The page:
Sharon Augustus saves life of baby Hawksbill turtle


by Stanton Gomes Fri, Sept 09. 2011

Sharon Augustus is a name that will always be remembered whenever the talk of turtles surfaces in Union Island.

On Friday, September 2, 2011, at around 6:00 pm, she saved the life of a baby Hawksbill turtle.{{more}}

On that afternoon, Roseman Adams, one of the 10 trained turtle handlers on the island, was just about to close his business when he heard a call from someone outside.

He was greeted by Sharon carrying a recycled ice-cream bowl filled with seawater, seaweed and a cute baby Hawksbill turtle. She found the baby crawling on the concrete road at the entrance to her workplace in Clifton, Union Island.

Sharon, who works at the West Indies Restaurant as a chef, recalled: “I just saw this little turtle crawling on the road, after I picked it up, I was wondering what to do with it. I showed it to my boss and my coworkers, then I remembered Roseman’s group has a turtle programme, so I placed it in a bowl, filled it with sea water and seaweed and handed it over to Roseman”.

When asked how she felt saving the life of this baby turtle, she said: “I cannot describe it fully, it felt so good, it was so soft and cute, I didn’t want it to die.”

The president of the Union Island Environmental Attackers, Katrina Collins, was on spot when the turtle was handed over. The group then searched the Diablo Beach, where it was suspected that the turtle may have hatched. A thorough scan of the area unearthed only hatchling tracks, but no signs of more strayed hatchlings.

Adams was pleased that the group is seeing positive results after years of turtle awareness on the island. When asked for a technical opinion on the gender of this baby turtle, he stated: “The gender of a sea turtle is based on the temperature of the nest. These last days were very hot, more than likely it’s a female”.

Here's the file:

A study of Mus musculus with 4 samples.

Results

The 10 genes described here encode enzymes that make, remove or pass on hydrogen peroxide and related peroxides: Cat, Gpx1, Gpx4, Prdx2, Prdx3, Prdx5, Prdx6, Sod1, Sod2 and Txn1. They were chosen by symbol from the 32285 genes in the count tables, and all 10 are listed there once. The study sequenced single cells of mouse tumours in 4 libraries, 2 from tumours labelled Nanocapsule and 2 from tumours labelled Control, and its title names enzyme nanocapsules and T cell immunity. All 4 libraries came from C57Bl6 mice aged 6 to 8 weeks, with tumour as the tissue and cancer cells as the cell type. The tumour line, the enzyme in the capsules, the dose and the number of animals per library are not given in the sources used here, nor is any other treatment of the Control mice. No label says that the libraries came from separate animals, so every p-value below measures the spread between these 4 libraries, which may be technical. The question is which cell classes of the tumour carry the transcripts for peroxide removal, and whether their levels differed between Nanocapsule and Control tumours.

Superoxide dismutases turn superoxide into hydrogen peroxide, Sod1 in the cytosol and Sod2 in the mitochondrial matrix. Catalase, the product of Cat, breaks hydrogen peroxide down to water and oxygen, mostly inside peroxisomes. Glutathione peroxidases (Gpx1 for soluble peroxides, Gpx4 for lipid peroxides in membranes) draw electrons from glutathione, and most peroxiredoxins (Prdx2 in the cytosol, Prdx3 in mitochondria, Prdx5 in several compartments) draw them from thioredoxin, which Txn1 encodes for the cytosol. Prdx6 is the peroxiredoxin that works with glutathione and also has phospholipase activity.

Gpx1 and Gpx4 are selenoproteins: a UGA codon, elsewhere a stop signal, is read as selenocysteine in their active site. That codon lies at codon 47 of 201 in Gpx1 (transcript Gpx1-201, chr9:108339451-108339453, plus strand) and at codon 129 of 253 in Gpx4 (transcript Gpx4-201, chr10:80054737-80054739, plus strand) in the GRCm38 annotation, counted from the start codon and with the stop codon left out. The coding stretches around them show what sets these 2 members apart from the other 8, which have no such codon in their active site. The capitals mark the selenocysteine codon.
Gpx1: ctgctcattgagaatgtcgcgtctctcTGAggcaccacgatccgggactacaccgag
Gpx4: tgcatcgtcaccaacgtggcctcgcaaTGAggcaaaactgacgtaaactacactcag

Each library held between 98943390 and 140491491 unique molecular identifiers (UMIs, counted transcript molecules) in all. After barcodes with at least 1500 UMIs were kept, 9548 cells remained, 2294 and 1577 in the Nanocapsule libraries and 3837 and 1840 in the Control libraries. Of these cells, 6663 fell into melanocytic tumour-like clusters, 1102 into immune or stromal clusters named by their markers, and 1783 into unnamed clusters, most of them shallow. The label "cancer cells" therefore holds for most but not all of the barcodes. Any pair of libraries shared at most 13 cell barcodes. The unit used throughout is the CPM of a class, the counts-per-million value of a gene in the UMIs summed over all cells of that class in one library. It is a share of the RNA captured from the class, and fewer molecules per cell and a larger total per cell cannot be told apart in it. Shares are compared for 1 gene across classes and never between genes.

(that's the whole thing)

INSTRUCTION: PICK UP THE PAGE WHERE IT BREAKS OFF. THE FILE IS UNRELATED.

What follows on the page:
The rescued baby turtle was released the following day by three young Environmental Attackers. After winding up on a city roadway and getting rescued, the baby turtle’s troubles were far from over. The release was quite challenging. The planned beach for the release had to be ditched after three brown pelicans were spotted on a nearby jetty waiting for their next meal.

The group finally decided on the next suitable alternative, and off she went swimming into the wide open sea. It was a joyous, yet eye-watering moment for the group, knowing that the years ahead for the baby turtle will be tough. She would have to elude creatures many times her size, waiting to gobble her up in a few seconds.

A Hawksbill turtle can grow up to a length of 3 feet and weigh an average 180 pounds. In total there are seven species of sea turtles: the Leatherback, Loggerhead, Green, Olive Ridley, Kemp’s Ridley, Flatback and the Hawksbill. During the period March 1 to 31 of July each year, the Environmental Attackers – Turtle Watching programme comes alive on Union Island.

Visitors may experience the nesting activity of the Leatherback Turtle, a Giant Ancient Water Dinosaur that can grow up to 8 feet in length and weigh up to 1 Ton (2000 pounds).

Persons may also swim with the Hawksbill turtles at the Tobago Cays Marine Park. Maybe one day you may swim with “baby turtle.”